Fairyhouse primed for their 'best Festival ever' as National beckons
EVER since the late 1800s the Irish Grand National at Fairyhouse Racecourse has been providing some of the most exciting racing in the history of the sport in this country.
From the days of Robert Peel, the first winner in 1870, the race quickly became Ireland's most valuable and prestigious steeplechase, and continues to do so today, with a prize-fund of €250,000 making it one of the most sought-after titles on the National Hunt calendar.
Mares have always fought hard to win this 3m 5f chase, but in 2013 the Dot Love-trained 50/1 outsider, Liberty Counsel, created history when storming home in front under Ben Dalton to become only the fourth mare to land the accolade since 1989.
The 11-year-old is now retired, and this year the 'ladies' will be represented by eight-year-old Caoimhe's Delight, who is among the 69 entries announced at Charlestown Stud, the home of Dot Love, last week.
"We are delighted with the entries for the Boylesports Irish Grand National," commented Peter Roe, the general manager at Fairyhouse. "This is an exciting new sponsorship deal and we look forward to working with them in developing the race and the weekend."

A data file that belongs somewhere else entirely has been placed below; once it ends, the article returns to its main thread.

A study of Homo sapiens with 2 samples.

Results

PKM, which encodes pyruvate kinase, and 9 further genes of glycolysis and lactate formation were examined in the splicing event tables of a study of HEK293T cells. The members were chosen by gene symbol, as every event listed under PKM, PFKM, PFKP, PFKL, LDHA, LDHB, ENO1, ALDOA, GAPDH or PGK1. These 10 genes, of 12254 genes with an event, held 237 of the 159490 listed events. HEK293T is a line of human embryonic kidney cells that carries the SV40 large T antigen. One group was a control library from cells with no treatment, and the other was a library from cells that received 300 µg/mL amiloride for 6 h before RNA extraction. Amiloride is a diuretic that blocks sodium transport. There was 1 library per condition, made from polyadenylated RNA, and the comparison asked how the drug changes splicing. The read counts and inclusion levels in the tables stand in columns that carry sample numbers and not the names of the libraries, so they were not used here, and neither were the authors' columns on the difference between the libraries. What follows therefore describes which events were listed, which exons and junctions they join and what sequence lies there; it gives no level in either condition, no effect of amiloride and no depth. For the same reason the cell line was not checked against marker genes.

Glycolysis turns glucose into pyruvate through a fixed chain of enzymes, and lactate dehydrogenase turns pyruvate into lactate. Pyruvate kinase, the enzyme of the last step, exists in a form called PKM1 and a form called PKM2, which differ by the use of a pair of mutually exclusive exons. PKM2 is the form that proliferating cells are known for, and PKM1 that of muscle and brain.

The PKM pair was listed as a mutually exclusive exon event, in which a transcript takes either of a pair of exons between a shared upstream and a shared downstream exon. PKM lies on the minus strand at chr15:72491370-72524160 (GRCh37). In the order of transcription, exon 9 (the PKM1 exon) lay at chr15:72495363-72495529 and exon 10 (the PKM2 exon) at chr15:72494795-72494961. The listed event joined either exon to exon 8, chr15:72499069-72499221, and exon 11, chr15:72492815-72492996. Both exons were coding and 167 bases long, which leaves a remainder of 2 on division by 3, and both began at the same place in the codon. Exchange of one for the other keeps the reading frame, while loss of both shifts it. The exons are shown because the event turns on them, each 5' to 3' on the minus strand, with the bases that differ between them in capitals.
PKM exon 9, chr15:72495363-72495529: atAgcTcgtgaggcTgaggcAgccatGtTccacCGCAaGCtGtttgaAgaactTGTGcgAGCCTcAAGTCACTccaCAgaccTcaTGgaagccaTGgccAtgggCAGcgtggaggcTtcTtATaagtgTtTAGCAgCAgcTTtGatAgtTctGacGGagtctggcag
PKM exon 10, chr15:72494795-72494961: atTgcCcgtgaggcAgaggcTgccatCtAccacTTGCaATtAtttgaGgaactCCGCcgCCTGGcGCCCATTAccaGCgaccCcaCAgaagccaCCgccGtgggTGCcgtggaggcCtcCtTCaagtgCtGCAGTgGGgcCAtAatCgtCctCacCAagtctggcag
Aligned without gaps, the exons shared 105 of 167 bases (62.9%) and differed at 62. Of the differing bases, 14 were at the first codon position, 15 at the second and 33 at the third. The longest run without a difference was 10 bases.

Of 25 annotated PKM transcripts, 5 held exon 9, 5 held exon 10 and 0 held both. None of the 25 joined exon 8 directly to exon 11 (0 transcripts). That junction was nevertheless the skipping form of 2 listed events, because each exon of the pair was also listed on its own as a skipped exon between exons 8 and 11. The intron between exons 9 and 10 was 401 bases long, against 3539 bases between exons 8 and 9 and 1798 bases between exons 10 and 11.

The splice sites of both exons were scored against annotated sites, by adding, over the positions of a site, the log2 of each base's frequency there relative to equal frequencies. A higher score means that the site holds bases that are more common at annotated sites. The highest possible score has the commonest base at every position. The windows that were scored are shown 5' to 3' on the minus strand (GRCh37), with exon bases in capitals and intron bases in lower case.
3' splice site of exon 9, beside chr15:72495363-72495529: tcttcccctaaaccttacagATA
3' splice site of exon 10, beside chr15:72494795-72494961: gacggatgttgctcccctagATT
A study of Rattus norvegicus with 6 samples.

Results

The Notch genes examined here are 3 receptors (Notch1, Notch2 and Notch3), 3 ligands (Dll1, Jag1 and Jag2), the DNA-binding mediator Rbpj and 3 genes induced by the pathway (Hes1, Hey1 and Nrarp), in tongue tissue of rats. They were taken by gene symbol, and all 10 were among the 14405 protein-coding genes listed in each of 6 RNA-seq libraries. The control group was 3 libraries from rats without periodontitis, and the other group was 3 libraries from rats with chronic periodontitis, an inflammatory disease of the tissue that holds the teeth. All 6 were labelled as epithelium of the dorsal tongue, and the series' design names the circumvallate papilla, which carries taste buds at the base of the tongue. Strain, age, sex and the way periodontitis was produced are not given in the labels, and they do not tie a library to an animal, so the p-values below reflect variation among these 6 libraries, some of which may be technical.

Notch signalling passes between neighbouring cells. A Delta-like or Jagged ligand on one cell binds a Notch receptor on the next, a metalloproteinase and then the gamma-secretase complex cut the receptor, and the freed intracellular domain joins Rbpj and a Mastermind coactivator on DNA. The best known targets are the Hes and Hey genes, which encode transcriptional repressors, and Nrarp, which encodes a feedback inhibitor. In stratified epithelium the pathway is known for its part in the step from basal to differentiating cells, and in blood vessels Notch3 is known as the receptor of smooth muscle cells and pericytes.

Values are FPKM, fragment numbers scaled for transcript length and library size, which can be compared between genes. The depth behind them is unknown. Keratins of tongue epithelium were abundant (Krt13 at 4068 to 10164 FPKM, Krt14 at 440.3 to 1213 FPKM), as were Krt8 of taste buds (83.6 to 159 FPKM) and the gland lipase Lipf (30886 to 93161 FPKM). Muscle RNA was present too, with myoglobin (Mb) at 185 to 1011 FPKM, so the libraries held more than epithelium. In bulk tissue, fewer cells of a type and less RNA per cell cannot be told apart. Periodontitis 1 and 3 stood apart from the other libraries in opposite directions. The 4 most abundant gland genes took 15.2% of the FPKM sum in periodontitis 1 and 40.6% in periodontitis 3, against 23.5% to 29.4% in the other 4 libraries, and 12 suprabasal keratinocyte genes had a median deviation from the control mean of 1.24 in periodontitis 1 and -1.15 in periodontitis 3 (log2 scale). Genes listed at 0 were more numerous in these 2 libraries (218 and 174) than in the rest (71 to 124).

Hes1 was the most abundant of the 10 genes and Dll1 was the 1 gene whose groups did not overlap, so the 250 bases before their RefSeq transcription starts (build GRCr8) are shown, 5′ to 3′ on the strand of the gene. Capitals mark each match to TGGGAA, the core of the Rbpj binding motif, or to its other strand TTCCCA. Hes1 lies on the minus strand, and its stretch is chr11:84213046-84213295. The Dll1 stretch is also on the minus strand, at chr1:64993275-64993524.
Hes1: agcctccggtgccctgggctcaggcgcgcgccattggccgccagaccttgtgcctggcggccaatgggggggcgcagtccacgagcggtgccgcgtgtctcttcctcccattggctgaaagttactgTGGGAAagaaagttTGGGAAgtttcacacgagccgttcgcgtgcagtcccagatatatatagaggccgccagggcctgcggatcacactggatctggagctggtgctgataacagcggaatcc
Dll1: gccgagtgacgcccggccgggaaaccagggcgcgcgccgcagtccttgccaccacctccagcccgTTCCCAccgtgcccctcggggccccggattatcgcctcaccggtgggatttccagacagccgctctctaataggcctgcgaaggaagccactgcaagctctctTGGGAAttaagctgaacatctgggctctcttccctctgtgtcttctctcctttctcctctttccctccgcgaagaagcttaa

In addition to Irish entries such as Ulster Grand National winner Yes Tom, and top weight Don Cossack, there is also a healthy contingent from across the water. Mr Roe added: "This includes the Welsh Grand National winner, Mountainous, who fell at the ninth at Aintree. Jonjo O'Neill also has three entered, with one of those being Alfie Sherrin, who was third last year."
Other top races over the weekend include Sunday's Powers Gold Cup, which has attracted Willie Mullins' pairing of Champagne Fever and Ballycasey, and Valdez from the Alan King yard in England. Monday's Grade Two Keelings' Hurdle is expected to see the return of 2012 winner Get Me Out Of Here.